Mailboxes with paper sticking out

Project Summary

The ability of government to perform its core functions depends, in part, on how well it communicates with residents. Often, this happens through writing. In a series of studies, we found that residents are more likely to engage with more formal government communications, especially when they have low trust in government. This “Formality Effect” directly contradicts experts’ predictions about what attributes increase the efficacy of government communications.

Why is this issue important?

Trust in government is at a near historic low, and there are significant gaps between what the government asks residents to do and residents’ observed behavior. Behavioral science has become very influential in designing and testing methods of increasing response to written communications by targeting barriers to action. But most behaviorally-informed strategies focus on adjusting language and content. Less is known about how the presentation of information may affect residents’ response to government communications.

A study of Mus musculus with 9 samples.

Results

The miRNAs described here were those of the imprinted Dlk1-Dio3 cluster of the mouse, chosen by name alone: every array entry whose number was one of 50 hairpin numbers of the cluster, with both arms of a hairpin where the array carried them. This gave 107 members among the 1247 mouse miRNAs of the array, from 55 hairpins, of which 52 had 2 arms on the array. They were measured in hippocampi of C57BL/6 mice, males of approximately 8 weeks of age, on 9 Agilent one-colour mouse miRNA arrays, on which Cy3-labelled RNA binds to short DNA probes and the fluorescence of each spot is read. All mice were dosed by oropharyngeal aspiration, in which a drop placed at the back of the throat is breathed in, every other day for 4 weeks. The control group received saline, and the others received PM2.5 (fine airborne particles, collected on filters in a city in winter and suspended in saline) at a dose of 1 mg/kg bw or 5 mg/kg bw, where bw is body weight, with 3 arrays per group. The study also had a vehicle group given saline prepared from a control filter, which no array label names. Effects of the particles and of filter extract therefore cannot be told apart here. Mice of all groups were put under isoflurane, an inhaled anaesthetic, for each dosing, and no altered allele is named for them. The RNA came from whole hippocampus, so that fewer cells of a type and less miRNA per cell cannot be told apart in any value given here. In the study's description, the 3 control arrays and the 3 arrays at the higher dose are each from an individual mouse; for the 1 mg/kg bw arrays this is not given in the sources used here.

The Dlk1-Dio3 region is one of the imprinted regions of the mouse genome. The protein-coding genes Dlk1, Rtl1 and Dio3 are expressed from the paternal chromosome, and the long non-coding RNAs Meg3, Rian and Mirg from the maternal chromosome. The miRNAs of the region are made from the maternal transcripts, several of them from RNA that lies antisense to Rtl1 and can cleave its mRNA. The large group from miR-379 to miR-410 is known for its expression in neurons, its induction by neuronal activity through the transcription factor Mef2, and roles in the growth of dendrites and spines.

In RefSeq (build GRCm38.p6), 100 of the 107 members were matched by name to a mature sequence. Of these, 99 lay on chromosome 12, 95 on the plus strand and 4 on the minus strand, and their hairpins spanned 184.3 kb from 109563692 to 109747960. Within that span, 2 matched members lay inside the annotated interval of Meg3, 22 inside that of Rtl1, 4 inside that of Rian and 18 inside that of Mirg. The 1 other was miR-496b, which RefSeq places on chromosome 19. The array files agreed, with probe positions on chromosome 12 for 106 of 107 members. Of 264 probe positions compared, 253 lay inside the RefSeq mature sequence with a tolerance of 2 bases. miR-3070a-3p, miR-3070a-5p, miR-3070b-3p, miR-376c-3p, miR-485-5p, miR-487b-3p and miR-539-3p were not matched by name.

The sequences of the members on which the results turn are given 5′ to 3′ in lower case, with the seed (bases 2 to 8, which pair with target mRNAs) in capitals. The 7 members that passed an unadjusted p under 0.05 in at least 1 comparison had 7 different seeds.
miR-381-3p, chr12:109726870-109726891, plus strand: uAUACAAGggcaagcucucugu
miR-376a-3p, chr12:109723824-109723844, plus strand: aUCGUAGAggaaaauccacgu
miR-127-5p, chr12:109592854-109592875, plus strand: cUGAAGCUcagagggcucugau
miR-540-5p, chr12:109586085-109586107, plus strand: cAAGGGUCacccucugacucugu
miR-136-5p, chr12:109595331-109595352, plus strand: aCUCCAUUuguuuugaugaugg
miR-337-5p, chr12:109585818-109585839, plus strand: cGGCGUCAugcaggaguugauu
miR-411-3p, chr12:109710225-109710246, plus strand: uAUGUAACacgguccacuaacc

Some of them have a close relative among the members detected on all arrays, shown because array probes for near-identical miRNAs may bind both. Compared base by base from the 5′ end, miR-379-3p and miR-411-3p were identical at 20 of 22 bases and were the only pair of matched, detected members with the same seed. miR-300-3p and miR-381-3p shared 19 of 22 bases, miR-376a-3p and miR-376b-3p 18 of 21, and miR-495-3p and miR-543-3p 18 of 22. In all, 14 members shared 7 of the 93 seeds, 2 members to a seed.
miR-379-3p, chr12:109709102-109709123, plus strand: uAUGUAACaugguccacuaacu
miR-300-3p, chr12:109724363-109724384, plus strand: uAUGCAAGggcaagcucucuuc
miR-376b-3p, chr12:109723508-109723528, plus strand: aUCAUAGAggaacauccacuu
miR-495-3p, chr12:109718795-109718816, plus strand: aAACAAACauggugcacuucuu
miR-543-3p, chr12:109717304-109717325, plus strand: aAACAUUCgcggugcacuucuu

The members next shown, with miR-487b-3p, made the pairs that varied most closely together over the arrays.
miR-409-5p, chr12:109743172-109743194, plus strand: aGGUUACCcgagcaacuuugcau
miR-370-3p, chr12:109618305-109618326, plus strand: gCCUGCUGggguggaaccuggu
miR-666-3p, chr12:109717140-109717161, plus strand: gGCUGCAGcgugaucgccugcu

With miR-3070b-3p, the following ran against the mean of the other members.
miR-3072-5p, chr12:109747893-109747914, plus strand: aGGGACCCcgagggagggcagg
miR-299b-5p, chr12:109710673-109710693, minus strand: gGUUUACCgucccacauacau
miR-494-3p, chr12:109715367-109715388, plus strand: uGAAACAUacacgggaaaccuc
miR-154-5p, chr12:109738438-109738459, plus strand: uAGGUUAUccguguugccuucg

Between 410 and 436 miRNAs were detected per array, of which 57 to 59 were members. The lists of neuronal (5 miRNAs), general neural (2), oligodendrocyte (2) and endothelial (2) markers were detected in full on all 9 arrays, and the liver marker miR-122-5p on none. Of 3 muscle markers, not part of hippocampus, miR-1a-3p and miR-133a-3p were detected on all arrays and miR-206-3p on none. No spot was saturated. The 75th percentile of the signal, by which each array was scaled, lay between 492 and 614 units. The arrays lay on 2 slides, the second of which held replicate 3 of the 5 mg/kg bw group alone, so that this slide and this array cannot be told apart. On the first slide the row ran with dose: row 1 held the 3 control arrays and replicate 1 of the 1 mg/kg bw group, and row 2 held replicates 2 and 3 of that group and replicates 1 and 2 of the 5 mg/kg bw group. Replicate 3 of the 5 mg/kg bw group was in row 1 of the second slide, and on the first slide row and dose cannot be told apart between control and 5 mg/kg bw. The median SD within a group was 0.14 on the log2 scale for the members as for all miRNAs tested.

What are we doing?

We conducted three online studies, an online prediction study, and three large-scale field experiments across different policy domains: take-up of the Earned Income Tax Credit, enrollment in a local government program, and self-certification of small businesses. In each field experiment, residents were randomly assigned to receive either a formal or informal version of a mailer. The main measured outcome related to whether the resident took the desired action. Online studies were used to develop a common definition of “formality,” understand mechanisms, and elicit experts’ predictions.

What have we learned?

Across six studies, we found that a “Formality Effect” exists in government communications. Contrary to experts’ predictions, formal government communications are more effective at influencing resident behavior than informal government communications. One possible reason for this is that formality operates as a heuristic for credibility and importance.

What comes next?

We have incorporated the findings from this project into other evaluations that center on government communications. Similarly, these findings can be used to inform the design of government communications across policy contexts.